Guest Column: Asexuals often misconstrued

Phil Johnson

It sounds so simple.

Imagine going through life without ever wanting sex. You still like forging relationships, and you may even enjoy hugging and kissing, but sex never enters the realm of desire.

Think of all the time that clears on the schedule. You would never experience all of the pain and complications of unrequited love. You would be the dream human of the current Republican field.

Alas, this could certainly never happen. Because that happens to be the nature of man; sexuality, it is “the format.”

However, for what researchers believe to be 1 percent of the population, desired relationships are completely sex-free.

Asexuality, the sexual orientation that allows no desire for sex, exists. And it can be just as problematic, if not more so, than homo- or heterosexuality.

The nascent field of asexual study reports that asexuality occurs equally among men and women. The only other “knowns” in research are that asexual people are more likely to be left-handed and more likely to have older brothers.

Due to the lack of danger related to asexuality, as opposed to the risk of HIV for homosexuals, sex researchers struggle to acquire grants to further explore this largely unknown form of sexuality.

This does not mean asexuality is not problematic or nearly as ideal as imagined above.

Asexual people say it can be just as difficult, if not more, to come out as asexual to parents as it is to come out as homosexual.

For one, blood grandchildren are out of the picture. Also, while some parents may be fine with homosexual children, the unknown air of asexuality can stress parents and lead to unintentionally offensive solutions to the “problem.”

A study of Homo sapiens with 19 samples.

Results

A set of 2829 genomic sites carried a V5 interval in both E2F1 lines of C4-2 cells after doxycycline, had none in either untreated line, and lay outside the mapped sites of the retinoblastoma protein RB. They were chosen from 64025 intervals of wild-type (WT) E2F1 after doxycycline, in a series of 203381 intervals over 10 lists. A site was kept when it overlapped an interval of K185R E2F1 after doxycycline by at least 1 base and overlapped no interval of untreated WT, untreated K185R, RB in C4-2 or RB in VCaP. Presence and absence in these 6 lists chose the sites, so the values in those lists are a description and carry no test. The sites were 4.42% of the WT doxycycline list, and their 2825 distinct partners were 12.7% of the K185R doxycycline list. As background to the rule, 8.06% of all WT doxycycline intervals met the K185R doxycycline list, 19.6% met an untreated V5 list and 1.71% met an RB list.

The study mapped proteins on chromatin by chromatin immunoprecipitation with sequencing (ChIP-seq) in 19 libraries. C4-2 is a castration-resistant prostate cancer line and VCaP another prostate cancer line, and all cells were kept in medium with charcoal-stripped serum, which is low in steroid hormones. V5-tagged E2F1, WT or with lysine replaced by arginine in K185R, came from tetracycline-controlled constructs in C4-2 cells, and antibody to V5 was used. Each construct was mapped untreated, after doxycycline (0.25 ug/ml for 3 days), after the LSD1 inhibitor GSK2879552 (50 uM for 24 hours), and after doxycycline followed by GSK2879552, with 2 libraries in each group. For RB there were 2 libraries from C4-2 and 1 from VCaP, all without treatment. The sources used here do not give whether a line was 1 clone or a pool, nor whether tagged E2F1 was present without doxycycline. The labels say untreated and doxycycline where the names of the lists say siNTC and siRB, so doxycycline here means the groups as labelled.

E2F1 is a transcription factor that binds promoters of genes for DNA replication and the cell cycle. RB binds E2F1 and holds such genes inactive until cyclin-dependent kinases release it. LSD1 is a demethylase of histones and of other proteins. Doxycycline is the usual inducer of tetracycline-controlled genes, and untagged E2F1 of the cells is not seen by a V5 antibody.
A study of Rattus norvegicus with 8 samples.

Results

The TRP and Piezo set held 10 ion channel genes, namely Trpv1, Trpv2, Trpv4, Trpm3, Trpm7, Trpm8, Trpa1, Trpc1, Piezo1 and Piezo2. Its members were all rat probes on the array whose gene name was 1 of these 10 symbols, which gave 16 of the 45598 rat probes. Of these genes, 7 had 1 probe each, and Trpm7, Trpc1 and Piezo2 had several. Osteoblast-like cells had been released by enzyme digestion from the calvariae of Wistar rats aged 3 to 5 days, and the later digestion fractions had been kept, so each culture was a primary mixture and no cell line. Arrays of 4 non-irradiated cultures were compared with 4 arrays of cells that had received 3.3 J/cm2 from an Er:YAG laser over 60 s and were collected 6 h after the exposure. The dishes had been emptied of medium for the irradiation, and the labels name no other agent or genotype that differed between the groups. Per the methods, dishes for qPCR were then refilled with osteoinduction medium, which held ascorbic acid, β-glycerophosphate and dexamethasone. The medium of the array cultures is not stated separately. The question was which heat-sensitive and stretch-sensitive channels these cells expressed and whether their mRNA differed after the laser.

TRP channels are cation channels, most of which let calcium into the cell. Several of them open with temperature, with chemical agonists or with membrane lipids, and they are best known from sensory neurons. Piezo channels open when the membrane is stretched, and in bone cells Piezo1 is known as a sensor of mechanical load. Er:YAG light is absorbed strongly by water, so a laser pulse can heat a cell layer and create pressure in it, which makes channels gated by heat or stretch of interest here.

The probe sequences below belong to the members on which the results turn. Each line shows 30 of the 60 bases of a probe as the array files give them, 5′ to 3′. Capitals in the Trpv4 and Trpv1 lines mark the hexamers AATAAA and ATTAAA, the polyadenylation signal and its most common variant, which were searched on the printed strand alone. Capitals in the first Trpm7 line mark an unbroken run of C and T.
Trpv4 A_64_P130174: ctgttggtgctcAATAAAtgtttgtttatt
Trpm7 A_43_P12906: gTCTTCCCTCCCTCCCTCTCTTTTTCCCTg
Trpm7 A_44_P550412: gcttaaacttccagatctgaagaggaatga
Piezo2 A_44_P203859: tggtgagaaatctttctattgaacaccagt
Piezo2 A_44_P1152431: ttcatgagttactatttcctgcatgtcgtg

Maybe you’re sexually repressed. Perhaps you just haven’t figured yourself out yet. Have you met Angelica? She’s a pretty girl. Take her on a date and see what you think after.

The same stigmas and non sequiturs that muddle understanding of queer sexualities often apply to asexuality.

It is not a choice; asexuality is an internal feeling. Asexuality does not equate impotence or celibacy. Celibacy is a choice, and impotence is a condition.

The problems expand when asexuals attempt to make loving relationships. Seriously, could you spend the rest of your life with someone who loves you, cares about you and would do anything for you except fulfill your sexual desires? Amplify that internal “no” 99 times and you hear the loneliness asexuals often feel.

And ponder this: How often do you talk with your friends about sexual topics? To asexuals, there is no such thing as a sexy guy or girl. Shared tales from last weekend just don’t excite asexuals. Where most friends are annoyed listening to you babble on and on about dancing at Joe’s with Hot Scott, asexuals are simply lost.

That is why websites like and exist.

The awareness of asexuality is growing but remains in the early stages. Still unsure of what asexuality is? Think of it this way.

A person with zero interest in religion identifies as apatheistic. A person with zero interest in sex identifies as asexual. Apatheism is a religious stance. Asexuality is a sexual orientation.

Got it?

Empathy to minority sexualities could very well be one of our generation’s legacies, and just as diametric opposition to homosexuality is unacceptable, apathy to asexuality should be as well.

Daily Illini, U. Illinois via UWIRE.